16 May 2013

Scandals, Policy, and Fast & Slow Thinking (About that IRS Scandal)

Daniel Kahneman begins his book Thinking Fast and Slow with a picture and an equation.

In an instant, 90% of people know that this girl is mad. 

By contrast, 90% of people take at least a few seconds to calculate the answer to this equation.

37 X 4.

Some things we can do so quickly and effortlessly that we don't even think that we're thinking. Other tasks make us very aware that we're thinking.

The media - and by extension the political dialogue - is defined by the fact that we can instantly judge scandals but it takes time and effort to judge policy. (Not that we always resort to actual judgment for policy; once we know whether a particular proposal is considered liberal or conservative, we can judge it as quickly as we can this little girl's mood.)

The federal government has nearly 3 million civilian employees. When they do something wrong, the question is whether it actually stems from policy or - even better for the media - conspiracy. If they were just acting on their own - mavericks in the system - it may qualify as a scandal but it is no indictment of the White House. (Unless, of course, you have mavericks in the White House like McCain and Palin who would, presumably, encourage maverick behavior.) 

Abu Ghraib and My Lai were atrocious but don't seem to have been the result of either White House conspiracy or policy; neither Bush nor LBJ were ever indicted in these awful acts and it would be unfair to judge them by those events.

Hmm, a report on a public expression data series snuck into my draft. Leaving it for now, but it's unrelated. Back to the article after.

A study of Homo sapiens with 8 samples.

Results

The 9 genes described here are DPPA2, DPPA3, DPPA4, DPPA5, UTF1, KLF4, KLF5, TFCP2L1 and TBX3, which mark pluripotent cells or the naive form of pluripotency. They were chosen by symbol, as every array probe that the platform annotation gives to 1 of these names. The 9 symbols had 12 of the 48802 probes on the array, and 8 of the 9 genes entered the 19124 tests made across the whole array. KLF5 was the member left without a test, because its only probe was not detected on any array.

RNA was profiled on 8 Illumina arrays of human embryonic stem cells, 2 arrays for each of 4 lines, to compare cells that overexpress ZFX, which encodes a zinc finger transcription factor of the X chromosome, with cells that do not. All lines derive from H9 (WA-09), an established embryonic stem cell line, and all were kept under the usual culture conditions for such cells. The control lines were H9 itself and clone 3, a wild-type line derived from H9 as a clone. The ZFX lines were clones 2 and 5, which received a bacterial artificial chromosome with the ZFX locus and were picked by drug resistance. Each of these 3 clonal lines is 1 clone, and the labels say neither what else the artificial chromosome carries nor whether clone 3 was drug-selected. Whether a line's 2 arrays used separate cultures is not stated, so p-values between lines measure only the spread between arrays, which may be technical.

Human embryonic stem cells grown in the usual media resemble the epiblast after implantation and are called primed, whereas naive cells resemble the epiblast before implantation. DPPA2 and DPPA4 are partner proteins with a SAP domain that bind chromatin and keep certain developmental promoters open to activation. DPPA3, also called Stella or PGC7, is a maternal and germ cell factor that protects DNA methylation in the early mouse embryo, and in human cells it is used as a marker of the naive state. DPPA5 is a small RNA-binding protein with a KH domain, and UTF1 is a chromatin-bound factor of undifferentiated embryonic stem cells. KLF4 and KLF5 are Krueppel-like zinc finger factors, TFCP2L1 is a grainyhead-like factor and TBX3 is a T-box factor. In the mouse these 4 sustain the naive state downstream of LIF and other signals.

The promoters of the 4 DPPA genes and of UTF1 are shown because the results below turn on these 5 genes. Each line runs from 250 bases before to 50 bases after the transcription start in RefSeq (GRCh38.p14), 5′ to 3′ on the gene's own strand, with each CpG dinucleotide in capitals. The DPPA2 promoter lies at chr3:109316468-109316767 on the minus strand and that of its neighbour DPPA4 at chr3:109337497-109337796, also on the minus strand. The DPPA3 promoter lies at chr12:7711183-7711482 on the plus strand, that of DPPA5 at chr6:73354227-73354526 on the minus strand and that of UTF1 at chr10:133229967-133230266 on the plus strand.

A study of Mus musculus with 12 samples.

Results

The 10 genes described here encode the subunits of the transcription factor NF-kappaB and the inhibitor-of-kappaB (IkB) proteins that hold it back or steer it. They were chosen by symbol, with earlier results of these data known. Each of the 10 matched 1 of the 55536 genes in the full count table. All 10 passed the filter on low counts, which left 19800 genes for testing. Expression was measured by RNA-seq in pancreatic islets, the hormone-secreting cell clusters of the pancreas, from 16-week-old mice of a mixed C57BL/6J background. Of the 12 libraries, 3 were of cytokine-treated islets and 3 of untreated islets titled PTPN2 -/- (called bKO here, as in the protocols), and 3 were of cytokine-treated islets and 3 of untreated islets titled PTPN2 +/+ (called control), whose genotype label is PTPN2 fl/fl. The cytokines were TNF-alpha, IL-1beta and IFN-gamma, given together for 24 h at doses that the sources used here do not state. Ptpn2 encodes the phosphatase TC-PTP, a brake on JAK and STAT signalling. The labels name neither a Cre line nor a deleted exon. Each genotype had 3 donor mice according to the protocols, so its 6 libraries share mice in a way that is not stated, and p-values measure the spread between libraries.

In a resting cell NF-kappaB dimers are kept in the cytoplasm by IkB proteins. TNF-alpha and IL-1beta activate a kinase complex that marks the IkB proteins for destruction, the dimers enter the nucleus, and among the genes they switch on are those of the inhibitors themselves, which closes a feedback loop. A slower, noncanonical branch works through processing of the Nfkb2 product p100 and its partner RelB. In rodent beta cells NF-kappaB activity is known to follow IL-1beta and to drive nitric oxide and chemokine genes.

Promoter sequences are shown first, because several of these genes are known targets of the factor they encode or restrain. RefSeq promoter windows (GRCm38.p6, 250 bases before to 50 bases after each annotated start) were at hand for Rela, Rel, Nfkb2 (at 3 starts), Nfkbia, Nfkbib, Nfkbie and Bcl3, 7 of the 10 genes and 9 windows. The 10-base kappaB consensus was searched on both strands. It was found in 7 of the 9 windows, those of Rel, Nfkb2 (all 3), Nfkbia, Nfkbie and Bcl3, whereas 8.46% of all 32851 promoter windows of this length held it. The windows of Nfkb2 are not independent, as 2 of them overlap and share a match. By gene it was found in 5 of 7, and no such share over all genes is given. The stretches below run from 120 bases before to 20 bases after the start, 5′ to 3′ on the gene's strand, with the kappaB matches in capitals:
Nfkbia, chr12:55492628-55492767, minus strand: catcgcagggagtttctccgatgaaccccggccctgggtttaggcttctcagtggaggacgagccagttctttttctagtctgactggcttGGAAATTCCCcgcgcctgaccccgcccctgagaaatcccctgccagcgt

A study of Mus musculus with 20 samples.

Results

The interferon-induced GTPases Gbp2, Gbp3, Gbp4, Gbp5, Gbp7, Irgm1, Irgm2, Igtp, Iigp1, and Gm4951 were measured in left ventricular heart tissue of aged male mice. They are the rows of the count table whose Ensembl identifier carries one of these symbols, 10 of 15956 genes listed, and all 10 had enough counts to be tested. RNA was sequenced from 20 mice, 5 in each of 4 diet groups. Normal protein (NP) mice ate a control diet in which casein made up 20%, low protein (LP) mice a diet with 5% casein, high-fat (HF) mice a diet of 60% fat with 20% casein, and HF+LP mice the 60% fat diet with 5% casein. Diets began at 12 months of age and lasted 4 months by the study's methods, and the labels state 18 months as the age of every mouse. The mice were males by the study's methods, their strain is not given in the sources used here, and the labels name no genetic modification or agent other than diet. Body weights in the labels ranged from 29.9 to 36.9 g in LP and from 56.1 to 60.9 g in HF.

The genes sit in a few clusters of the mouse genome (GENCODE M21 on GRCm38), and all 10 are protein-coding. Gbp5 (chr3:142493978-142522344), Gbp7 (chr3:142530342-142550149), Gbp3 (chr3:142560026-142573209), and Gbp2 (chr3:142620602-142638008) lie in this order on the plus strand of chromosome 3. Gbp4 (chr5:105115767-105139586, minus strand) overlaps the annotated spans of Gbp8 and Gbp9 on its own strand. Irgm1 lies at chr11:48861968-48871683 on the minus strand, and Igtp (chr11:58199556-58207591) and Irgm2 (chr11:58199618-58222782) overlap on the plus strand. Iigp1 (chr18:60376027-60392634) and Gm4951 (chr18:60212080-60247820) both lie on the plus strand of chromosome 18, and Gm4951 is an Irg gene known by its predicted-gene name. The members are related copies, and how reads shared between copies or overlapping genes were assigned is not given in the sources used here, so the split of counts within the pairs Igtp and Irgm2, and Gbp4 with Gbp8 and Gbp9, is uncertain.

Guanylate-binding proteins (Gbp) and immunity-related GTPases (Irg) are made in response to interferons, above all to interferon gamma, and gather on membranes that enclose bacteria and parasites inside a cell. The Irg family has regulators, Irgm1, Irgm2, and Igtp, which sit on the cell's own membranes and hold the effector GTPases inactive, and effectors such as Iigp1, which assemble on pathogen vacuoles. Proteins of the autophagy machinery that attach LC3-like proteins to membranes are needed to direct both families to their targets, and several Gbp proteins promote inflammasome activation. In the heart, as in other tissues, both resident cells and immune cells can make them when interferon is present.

By contrast, it really is fair to judge LBJ and Bush by the wars (occupations?) of Vietnam and Iraq. Those are the result of policy, choices that emanated from the White House. It's harder to judge whether those were good decisions. My Lai and Abu Ghraib? We can all confidently criticize those as wrong.

Conspiracies never make as much difference as policies. Abu Ghraib and My Lai did not kill as many people or cost as much money as the Iraq and Vietnam wars, did not have as much impact on the region. 

Yet policy is boring. It requires slow thinking, the same plodding thought that solves equations. Scandals, on the other hand, are exciting. It lets us rely on fast thinking, letting us judge them almost instantly. They make us feel smart because they are easy to think about. 

Scandals rarely matter. Policy almost always does. And yet savvy media and politicians will continue to feed us scandals and largely ignore policy. Not because that's a smart thing to do when it comes to running a country. Instead, they do it because it makes us - and them - feel smart.